Myanmar Army Shells Kachin Rebels

The incident represents the most severe attack against the Kachin rebels since fighting resumed in 2011.

Myanmar Army Shells Kachin Rebels

Kachin Independence Army Flag

Credit: Wikimedia Commons

Reports emerged Wednesday that Myanmar’s army shelled a Kachin rebel camp in the country’s north, killing 23 people and injuring 15. According to Kachin State’s security minister, the shell was fired as a warning shot and was not intended to strike rebel positions. The Myanmar government and the Kachin rebels are currently in the middle of a peace process, beginning with ceasefire talks that could be derailed by this incident. The attack targeted a rebel base in Laiza, along the Myanmar-China border. According to an Associated Press report, the shelling resulted in skirmishes “that lasted the whole day.”

The AP cites La Nan, a spokesman for the Kachin Independence Army, who notes that the government knew that it was targeting an active officer training academy with the shelling. According to the report, “La Nan said the army fired from a nearby hilltop about 50 kilometers (30 miles from) outside Laiza.” The spokesman added that the attack was an “unprovoked and a deliberate attack because (government soldiers) could clearly see our troops doing military training.” While fighting between Kachin insurgents and the Myanmar government resumed in 2011 after a 17 year truce, the Myanmar government under President Thein Sein has been working toward a peace deal with the group. According to the spokesman, this attack represents the highest death toll that Kachin insurgents have endured in a government attack in the past three years. In sum, 300 rebel fighters have been killed and an additional 400 wounded since 2011.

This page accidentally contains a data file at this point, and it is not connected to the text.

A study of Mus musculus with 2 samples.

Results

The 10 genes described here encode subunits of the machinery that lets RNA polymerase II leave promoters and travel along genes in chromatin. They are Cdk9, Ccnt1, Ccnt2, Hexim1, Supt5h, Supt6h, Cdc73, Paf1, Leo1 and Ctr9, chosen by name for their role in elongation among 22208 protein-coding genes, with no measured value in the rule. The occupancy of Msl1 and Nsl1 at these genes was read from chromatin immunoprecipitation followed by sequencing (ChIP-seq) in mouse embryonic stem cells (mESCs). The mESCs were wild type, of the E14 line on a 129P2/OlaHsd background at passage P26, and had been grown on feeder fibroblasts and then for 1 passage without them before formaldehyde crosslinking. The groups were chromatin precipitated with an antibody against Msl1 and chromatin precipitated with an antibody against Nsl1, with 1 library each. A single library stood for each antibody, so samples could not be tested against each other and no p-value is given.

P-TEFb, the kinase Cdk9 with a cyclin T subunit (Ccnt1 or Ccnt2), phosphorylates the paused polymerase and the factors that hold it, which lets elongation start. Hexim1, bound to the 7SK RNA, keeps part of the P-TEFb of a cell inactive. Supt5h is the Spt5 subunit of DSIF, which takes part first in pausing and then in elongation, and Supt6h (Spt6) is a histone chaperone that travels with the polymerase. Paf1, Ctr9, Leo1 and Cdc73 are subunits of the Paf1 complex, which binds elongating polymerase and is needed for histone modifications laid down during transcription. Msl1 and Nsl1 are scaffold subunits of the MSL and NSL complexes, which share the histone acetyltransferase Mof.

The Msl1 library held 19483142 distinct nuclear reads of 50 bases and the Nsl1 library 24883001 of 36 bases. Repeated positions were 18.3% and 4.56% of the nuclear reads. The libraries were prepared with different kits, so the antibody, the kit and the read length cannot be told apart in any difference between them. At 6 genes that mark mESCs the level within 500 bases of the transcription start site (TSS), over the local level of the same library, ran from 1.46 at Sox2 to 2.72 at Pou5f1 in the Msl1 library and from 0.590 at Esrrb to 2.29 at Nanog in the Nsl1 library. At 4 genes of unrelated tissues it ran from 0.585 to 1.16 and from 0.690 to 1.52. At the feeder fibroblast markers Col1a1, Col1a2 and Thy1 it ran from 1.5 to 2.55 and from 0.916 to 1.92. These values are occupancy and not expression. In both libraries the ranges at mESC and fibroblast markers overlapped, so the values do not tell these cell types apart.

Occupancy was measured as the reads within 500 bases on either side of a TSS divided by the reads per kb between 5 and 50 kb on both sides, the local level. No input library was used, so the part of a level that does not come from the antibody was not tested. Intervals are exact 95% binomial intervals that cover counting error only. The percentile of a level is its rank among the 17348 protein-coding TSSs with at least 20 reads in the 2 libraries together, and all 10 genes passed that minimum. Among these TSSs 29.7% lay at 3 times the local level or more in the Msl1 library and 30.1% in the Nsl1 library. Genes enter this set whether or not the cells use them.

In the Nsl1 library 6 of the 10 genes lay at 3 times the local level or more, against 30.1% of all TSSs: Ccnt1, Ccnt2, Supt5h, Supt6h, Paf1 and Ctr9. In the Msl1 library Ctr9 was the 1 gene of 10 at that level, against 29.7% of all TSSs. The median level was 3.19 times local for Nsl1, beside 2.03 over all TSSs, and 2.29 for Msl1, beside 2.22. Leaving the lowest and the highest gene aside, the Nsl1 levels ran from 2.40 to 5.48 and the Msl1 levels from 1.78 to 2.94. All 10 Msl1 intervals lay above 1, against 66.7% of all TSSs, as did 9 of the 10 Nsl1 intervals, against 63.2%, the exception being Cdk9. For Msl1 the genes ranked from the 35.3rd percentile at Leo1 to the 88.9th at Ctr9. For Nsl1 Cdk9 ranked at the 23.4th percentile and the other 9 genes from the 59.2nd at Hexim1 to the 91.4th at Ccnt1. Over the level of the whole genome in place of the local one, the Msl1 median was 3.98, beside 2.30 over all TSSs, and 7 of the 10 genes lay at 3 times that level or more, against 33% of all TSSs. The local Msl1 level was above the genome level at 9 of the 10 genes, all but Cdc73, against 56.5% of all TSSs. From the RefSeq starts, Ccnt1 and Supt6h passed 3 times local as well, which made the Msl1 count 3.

So far, the government’s official response has been to deny that it was deliberately targeting the officer training academy. It remains to be seen if that explanation will be enough to convince the Kachin rebels to push on with peace talks. Given the severity of the attack, it is likely that this could set back the peace process with the government. Based on current reports, it remains unclear if the decision to strike the rebel stronghold was delivered from Nay Pyi Taw or made by a field commander with orders from the state government. Despite Myanmar’s place in the international spotlight recently following its hosting of the East Asia Summit and comments made by U.S. President Barack Obama regarding its political reforms, this incident highlights the government’s ongoing struggle with various rebel groups.